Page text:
Respect. But how healthy are your meals? Let’s have a look what the NHS says.
Potatoes, bread, rice, pasta and so on should form the basis for your meals. Not only do they contain starch and fibre, they also have calcium, iron and B vitamins.
There are even more health gains if you choose wholegrain options. They provide energy, nutrients and fibre to fill you and help process your digested food efficiently.
Five a day
Goes without saying, doesn’t it. Eat at least five 80gram portions of veggies a day for more essential vitamins, minerals and fibre.
They’re good in any format: fresh, tinned or frozen veggies and fruit, dried and juiced too. Choices include pulses, an important source of protein for people who don’t eat fish, meat or dairy.
Protein and calcium
Vegetarians can usually find sufficient protein and calcium in their food choices, such as:
· Pulses (beans, peas and lentils)
· Dairy products such as cheese, yogurt and milk
· Dairy alternatives such as fortified, unsweetened soya, rice and oat drinks
· Non-dairy protein such as eggs, tofu and quorn
But don’t limit yourself. Eat a wide variety to make sure you get the right mixture of amino acids, which build and repair our cells.
And while you’re at it, choose lower fat and low-sugar options.
Vegetarians probably have lower iron stores than carnivores, so iron, and vitamin B12 need a certain amount of planning. Try these for iron, the first three of which overlap with your five a day and protein choices:
· Dried fruit
· Dark green veggies like watercress, broccoli and spring greens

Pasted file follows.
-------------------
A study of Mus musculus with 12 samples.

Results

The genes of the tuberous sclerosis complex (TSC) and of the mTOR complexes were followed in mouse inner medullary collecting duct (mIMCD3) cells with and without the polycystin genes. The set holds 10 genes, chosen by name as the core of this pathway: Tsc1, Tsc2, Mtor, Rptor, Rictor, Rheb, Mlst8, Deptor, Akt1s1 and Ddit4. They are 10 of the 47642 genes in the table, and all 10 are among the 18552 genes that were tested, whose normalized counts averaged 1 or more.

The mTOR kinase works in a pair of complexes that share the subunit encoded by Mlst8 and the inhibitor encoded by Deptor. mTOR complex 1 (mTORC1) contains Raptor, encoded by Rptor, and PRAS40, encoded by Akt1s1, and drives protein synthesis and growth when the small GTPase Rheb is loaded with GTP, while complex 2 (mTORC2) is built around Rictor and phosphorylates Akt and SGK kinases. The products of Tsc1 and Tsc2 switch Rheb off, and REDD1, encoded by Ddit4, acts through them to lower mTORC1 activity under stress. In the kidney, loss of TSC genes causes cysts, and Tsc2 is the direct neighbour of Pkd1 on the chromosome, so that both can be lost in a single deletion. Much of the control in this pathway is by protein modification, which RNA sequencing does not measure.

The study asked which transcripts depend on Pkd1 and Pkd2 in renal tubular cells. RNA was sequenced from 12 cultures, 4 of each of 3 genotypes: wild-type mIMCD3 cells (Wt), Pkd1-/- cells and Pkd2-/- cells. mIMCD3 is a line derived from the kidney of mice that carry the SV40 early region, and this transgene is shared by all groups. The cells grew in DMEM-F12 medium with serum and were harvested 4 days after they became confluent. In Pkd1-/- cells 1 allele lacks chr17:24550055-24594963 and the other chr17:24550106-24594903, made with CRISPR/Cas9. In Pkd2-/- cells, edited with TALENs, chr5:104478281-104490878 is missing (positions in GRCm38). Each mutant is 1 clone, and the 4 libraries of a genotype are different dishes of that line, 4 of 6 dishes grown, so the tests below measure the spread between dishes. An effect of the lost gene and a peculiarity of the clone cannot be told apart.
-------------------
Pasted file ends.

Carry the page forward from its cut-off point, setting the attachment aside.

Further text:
· Wholemeal bread
· Cereals fortified with added iron.
It’s essential for our general health, growth and repair to eat sources of B12. But it’s only found in animal products. If you eat eggs, milk and cheese, you will probably get enough.
But if you avoid these, or eat little of them, be sure to incorporate fortified ingredients such as Marmite, breakfast cereals and fortified soya products.
Fats, salt and sugar
The same rules apply here as they do to the meat-eaters. Calories abound, healthy fats or not. So, beware.
Go for unsaturated fats. Choose rapeseed oil (for high temperature cooking) and olive oil (for salads), in preference to butter, lard and ghee.
Limit salt to no more than 6 grams a day, and keep sugar in check too. They provide flavour but not a lot in the way of nutrients.
Omega-3 fatty acids
These are the ones that can help keep our hearts healthy and reduce the risk of heart disease.
If you’re a fish eater, go for oily fish like salmon and mackerel, the smoked or cookable variety.
For non-fish eaters, eat eggs enriched with omega-3, walnuts, tofu and flaxseed (linseed), rapeseed and soya oil. Be aware, however, that evidence suggests the non-vegetarian sources of omega-3 fatty acids may not be quite as beneficial to our hearts as those in oily fish.
And, vegetarian or not, everyone dieter needs a helping hand. This is where we come in, where our trained coaches provide friendly, weekly support groups to help you through the maze. So if you’re good to go, do get in touch. Because we like to help you lose your weight your way.